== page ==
Governor Rell is going to skip the fundraising part of the Republican Governors' Association regional meeting next Monday in Boston:
Rell, who has given no hints about her plans for 2006, is attending the association's regional meeting next Monday in Boston. But she is leaving before the group's major piece of business: a big-ticket fundraiser. (Pazniokas)
Governors' associations have become serious fundraising machines, and can donate millions to state parties. If Gov. Rell is running next year, this is a can't-miss event, filled with rich executives and lobbyists. So why is she skipping it? There are two possibilities:
1. She isn't running. Why should she go to an event that has no significance for her? While this is certainly a possibility (she hasn't said a word one way or the other) I rather doubt it. My feeling is that she'll decide there's too much business left unfinished to walk away.
2. She doesn't like the company. Here's a description of what the fundraiser would entail:
The Boston Globe reported Monday that donations of up to $50,000 would buy lobbyists, business executives and others a day of "close, casual access" to Massachusetts Gov. Mitt Romney and five other Republican governors, culminating in an outing at Fenway Park for a Red Sox game. (Pazniokas)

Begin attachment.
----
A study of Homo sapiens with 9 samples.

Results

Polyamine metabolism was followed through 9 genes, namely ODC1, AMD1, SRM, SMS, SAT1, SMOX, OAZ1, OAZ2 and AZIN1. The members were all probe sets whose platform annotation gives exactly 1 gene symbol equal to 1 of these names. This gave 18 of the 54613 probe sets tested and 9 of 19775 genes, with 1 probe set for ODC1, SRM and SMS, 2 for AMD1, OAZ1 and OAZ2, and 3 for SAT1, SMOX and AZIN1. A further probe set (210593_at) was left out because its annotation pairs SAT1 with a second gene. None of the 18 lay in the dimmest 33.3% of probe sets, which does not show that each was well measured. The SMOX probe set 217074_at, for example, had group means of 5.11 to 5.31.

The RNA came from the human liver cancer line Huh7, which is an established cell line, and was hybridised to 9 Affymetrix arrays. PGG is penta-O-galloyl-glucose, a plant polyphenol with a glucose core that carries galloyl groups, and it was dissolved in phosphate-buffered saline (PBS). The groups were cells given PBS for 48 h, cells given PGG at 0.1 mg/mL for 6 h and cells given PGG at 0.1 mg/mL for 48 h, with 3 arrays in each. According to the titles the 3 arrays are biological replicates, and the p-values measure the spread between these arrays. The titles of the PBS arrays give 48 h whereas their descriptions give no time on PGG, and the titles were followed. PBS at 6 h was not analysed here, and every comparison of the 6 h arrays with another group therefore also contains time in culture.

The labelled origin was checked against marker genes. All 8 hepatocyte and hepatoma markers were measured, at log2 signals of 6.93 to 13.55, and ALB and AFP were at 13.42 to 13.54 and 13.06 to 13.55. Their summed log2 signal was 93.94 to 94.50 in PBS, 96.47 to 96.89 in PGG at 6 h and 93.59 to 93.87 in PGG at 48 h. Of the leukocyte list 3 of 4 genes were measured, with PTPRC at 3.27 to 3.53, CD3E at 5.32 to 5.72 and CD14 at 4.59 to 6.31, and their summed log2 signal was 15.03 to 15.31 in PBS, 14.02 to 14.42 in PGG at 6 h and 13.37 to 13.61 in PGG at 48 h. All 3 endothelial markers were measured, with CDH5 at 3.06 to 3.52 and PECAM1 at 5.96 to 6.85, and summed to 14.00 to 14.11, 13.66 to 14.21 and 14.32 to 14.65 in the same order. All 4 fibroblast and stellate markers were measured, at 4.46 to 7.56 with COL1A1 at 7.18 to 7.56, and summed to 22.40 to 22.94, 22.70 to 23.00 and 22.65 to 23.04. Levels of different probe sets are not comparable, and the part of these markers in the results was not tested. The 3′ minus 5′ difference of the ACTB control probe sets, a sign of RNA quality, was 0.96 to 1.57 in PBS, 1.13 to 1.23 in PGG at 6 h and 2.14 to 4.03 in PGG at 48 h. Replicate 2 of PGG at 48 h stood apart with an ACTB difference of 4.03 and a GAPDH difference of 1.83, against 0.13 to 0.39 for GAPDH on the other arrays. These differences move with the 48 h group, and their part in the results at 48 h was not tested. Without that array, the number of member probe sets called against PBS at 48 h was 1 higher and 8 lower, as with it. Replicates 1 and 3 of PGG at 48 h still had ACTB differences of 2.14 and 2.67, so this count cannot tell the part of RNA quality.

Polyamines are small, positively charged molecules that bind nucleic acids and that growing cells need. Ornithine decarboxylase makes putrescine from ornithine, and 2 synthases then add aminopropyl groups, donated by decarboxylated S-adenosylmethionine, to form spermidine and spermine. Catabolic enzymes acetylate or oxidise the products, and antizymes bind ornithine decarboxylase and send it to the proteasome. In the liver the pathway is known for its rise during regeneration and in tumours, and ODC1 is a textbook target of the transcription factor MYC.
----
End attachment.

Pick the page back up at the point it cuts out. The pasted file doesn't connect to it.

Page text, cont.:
Governor Rell, according to the Courant, hasn't met with lobbyists since becoming governor (a question: did she meet with them before becoming governor?). It could be that she wants to steer clear of these sorts of people to preserve her image as the prim, ethical, untainted reformer.
Then again, the idea of "close, casual access" time with business executives, lobbyists and other assorted scum may not be her cup of tea. Can't blame her. A schmoozer she ain't, unlike her predecessor, who thrived at events like these.
This, of course, leads to the question of how on earth she's planning to raise significant money if she's running next year. It's hard to imagine that she'll take in much money from traditional sources like, say, lobbyists and contractors--even if they contributed to her she would probably return the money.
This could be one of the unusual races in which a Democratic candidate actually outraises and outspends the Republican, since Democratic candidates (so far) seem to have no compunctions about where their money is coming from. A monetary advantage could either level the playing field and nullify the incumbent advantage--or sink the Democratic candidate entirely, depending on the public's mood. Either way, it isn't going to be a normal race.
Pazniokas, Mark. "Rell Skips GOP Governors' Fundraiser." Hartford Courant 21 June, 2005.